Cameo — Q&A With Author Tod Goldberg

Tod Goldberg photographed in The Dark Room at Palm Springs Yacht Club Spa at Parker Palm Springs.

Raymond Shadman

The fact that Tod Goldberg didn’t learn to read or write until he was 10 may have honed his story-telling chops. “I was creating these long, involved sagas with my action figures,” he says. “They’d go on for days. Of course, I’m an expert liar, so that helped.” Today, his novels, short-story collections, essays, journalism, and criticism define a career that also has him tweeting, blogging, and podcasting. His 2002 novel Living Dead Girl is being released as an e-book this year, and he recently typed “The End” on another book manuscript. The La Quinta resident also directs the Low Residency MFA Program in Creative Writing and Writing for the Performing Arts at University of California, Riverside.

Writers are often told to “write what you know.” You write a lot about crime. Are you a criminal?
Yes, a criminal savant! Seriously, writing what you know is actually not a good idea. Am I going to write about a guy who goes home and writes every day? Write what you’re searching for answers to, be they tangible or temporal, emotional or physical. That’s where readers connect, in that search for meaning. In order to make someone feel like they’ve experienced something when they read my book, I have to send them on journeys that exist beyond their daily life.

It seems that every writer in Southern California has a screenplay tucked in his back pocket. Do you?
TV is where the most imaginative writing is happening, and I recently sold a short story to CBS for a TV show that’s being produced by the people who produce Justified. It’s called “Mitzvah” (from his short-story collection Other Resort Cities), about a hit man who hides out in Las Vegas as a rabbi. The Hollywood [interest] is a frosting on an already delicious cake. I’ve made a deal with myself to focus on the books.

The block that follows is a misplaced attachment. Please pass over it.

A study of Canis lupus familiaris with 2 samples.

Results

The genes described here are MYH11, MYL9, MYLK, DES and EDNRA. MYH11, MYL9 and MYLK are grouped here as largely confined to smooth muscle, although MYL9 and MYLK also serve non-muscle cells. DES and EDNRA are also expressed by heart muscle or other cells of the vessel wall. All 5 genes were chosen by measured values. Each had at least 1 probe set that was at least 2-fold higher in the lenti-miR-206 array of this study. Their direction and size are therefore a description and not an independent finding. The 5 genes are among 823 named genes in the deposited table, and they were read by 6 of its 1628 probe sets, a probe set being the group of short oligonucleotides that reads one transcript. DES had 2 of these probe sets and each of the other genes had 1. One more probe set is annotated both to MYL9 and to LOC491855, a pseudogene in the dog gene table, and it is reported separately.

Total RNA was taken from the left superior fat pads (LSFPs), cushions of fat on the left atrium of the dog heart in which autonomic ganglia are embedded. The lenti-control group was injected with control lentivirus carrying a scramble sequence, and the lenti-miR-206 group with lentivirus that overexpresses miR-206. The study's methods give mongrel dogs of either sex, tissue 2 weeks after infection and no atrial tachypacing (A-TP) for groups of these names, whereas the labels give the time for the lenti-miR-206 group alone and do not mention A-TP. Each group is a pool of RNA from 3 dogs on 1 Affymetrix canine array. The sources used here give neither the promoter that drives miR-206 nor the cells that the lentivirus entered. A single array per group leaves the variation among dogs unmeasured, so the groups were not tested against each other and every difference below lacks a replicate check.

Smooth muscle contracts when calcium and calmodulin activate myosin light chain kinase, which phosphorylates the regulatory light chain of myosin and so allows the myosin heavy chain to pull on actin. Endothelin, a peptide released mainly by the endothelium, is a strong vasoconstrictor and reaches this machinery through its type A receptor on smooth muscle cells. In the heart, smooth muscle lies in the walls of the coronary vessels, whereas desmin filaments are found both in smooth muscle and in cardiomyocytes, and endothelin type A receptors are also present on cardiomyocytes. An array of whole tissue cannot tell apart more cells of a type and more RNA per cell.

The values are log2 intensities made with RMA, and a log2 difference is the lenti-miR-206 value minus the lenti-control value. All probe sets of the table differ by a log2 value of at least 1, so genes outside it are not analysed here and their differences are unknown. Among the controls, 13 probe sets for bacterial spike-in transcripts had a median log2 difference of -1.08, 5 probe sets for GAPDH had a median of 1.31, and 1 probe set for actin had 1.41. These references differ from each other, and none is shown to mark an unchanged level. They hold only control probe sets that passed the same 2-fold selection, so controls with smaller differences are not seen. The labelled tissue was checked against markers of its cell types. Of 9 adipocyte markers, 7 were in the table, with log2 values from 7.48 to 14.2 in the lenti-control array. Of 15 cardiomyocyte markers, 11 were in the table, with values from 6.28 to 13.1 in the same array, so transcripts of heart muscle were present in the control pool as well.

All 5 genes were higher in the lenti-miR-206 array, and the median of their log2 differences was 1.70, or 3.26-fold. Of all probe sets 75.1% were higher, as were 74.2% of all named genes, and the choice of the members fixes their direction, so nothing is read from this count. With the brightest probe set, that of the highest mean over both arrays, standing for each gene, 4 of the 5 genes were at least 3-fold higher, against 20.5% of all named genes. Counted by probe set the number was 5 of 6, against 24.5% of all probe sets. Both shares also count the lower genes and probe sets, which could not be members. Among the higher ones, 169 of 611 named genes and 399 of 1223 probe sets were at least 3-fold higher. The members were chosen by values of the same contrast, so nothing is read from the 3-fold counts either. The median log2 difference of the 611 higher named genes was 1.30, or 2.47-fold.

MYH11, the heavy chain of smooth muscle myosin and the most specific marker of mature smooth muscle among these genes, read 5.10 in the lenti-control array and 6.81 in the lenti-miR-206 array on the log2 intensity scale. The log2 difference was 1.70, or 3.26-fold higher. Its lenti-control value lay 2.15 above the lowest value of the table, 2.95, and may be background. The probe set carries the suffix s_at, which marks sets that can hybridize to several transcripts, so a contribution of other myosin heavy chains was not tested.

You’ve chosen to live in the desert. What keeps you here?
All of my stuff starts with a place, then a person, [and] then a story that evolves from that. I’m inspired by the duality of this place — the great wealth and the terrible poverty, the scary open desert. I love the warmth, the quiet, and the great beauty here. Outside of Sedona, where else can you go outside at night and see the entire universe?

What’s next?
After two years of work, I’ve just finished a novel based on the “Mitzvah” short story. The title is Gangsterland.

What drives you?
I don’t have a lifetime to do this. At some point, people are not going to want to read what I have to write. I also am aware that if I’m not writing, I’ll get in that habit, and I want to keep my mind nimble. If I’m telling my graduate students, “This is how you do it,” I better be out there doing it. Right now, I’m doing exactly what I want to do. I’m writing books, I get to run a graduate school in creative writing, I get to dabble in Hollywood as I see fit, and I get to have a sunburn in the middle of January.